The Centers for Disease Control (CDC) is advising that people in the United States wear face masks to slow the spread of COVID-19. Here in Riverside County, the government has made it mandatory for residents to cover their faces whenever they leave home.
This new mandate, pandemic hoarders and the increase in hospital traffic has led to a shortage of medical-grade masks needed to protect healthcare workers and those who must still work or leave home.
Several groups in the Coachella Valley have stepped up to make and donate masks for healthcare workers and others who are risking their lives for the community.
Coachella Valley Mask Makers is one group that has been proactive in filling the demand for masks. The group has designed a kit that includes a special towel cloth material, a wire, rubber bands and glue. These masks are made without the need to sew and have been approved for medical workers. The wire is glued where the top of your nose goes to help pinch the mask and seal it from outside contaminants.
The group is active on Facebook where they have been announcing where others who want to get involved can pick up kits and drop off completed masks to be donated.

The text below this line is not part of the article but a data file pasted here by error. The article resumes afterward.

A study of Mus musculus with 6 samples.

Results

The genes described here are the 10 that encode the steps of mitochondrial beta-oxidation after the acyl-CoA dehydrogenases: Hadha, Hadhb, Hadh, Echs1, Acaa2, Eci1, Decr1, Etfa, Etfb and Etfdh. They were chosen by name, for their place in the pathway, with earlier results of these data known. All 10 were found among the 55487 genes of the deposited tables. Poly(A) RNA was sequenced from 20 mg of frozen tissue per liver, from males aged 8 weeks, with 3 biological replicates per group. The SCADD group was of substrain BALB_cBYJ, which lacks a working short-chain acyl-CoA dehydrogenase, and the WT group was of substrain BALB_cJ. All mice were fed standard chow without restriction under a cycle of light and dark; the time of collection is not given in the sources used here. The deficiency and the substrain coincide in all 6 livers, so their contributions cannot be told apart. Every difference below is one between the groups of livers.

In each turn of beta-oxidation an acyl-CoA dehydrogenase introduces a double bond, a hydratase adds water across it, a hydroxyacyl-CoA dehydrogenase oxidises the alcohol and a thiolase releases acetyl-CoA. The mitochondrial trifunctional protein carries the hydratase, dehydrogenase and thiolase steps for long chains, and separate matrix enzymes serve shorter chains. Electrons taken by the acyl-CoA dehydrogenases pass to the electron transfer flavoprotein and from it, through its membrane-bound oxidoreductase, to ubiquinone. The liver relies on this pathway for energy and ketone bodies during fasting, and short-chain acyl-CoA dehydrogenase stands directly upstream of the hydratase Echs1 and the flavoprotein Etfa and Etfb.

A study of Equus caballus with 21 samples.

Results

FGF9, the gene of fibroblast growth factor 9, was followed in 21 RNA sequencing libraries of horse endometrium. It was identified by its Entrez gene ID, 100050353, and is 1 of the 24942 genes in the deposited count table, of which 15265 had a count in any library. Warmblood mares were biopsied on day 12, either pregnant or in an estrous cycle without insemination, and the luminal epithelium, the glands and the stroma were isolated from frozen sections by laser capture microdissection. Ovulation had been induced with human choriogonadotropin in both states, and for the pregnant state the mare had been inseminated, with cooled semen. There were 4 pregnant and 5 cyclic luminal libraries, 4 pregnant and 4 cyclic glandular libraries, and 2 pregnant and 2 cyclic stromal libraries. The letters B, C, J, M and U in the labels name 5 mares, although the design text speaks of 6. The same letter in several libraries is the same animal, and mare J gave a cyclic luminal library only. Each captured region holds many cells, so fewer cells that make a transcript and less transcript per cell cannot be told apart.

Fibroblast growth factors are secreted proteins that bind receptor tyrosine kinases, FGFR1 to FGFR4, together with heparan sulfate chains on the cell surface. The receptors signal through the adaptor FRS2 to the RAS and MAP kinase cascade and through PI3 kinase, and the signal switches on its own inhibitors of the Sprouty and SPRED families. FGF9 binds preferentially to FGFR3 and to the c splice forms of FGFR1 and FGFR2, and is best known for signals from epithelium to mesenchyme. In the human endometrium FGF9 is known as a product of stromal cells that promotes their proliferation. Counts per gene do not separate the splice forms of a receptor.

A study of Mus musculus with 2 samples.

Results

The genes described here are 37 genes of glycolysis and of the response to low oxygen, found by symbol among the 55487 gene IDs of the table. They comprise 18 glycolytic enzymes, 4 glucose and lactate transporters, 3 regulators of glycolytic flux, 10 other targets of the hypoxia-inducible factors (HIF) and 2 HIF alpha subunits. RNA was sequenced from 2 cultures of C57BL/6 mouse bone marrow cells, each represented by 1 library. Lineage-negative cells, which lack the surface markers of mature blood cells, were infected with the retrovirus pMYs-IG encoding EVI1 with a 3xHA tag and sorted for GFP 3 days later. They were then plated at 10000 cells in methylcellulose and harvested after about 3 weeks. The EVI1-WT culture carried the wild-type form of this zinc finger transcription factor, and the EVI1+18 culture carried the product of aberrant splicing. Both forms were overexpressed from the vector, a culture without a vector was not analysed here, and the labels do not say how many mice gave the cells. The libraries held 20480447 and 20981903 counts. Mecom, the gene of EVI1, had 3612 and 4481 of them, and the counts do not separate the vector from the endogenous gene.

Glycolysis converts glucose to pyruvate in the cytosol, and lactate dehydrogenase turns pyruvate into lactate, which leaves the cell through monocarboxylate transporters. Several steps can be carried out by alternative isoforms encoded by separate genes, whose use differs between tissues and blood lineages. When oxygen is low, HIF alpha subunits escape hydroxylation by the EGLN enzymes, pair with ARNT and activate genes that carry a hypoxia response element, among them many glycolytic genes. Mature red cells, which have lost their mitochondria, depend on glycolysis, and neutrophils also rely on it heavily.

CNN Nails, in the city of La Quinta, has also started making masks. The nail salon is suffering financially with the close of its business but is using this time to help others by turning their salon into a mask-making operation site.
Salon owner Jade Nguyen intends to donate the masks to medical workers and has so far donated one-thousand masks to Eisenhower Medical Hospital and will donate 800 more to Desert Regional in the upcoming days.
Another local group making masks is the company Ernie Ball. The company typically manufactures guitar strings but has changed its productions. The company is making two-ply 100% cotton knit jersey masks.
Ernie Ball will donate masks to Martha’s Village & Kitchen, migrant farmworkers, grocery store employees and also have future plans to make masks available to all Coachella Valley residents for free.
Making masks at home is simple for those who would like to donate or need them for their family. The CDC has a page on their website that lists the various types of masks that can be made out of household materials.
The masks range from sewing to no-sew templates. Masks can be made with bandanas, t-shirts, fabric scraps and coffee filters. Cloth masks can also be reused and cleaned in washing machines after being used.
The Riverside County Sheriff’s department is currently not citing people who do not wear masks outside, although it was made mandatory that residents do so.
Several stores in the area have also implemented the order and are only allowing shoppers who have masks on to enter their businesses.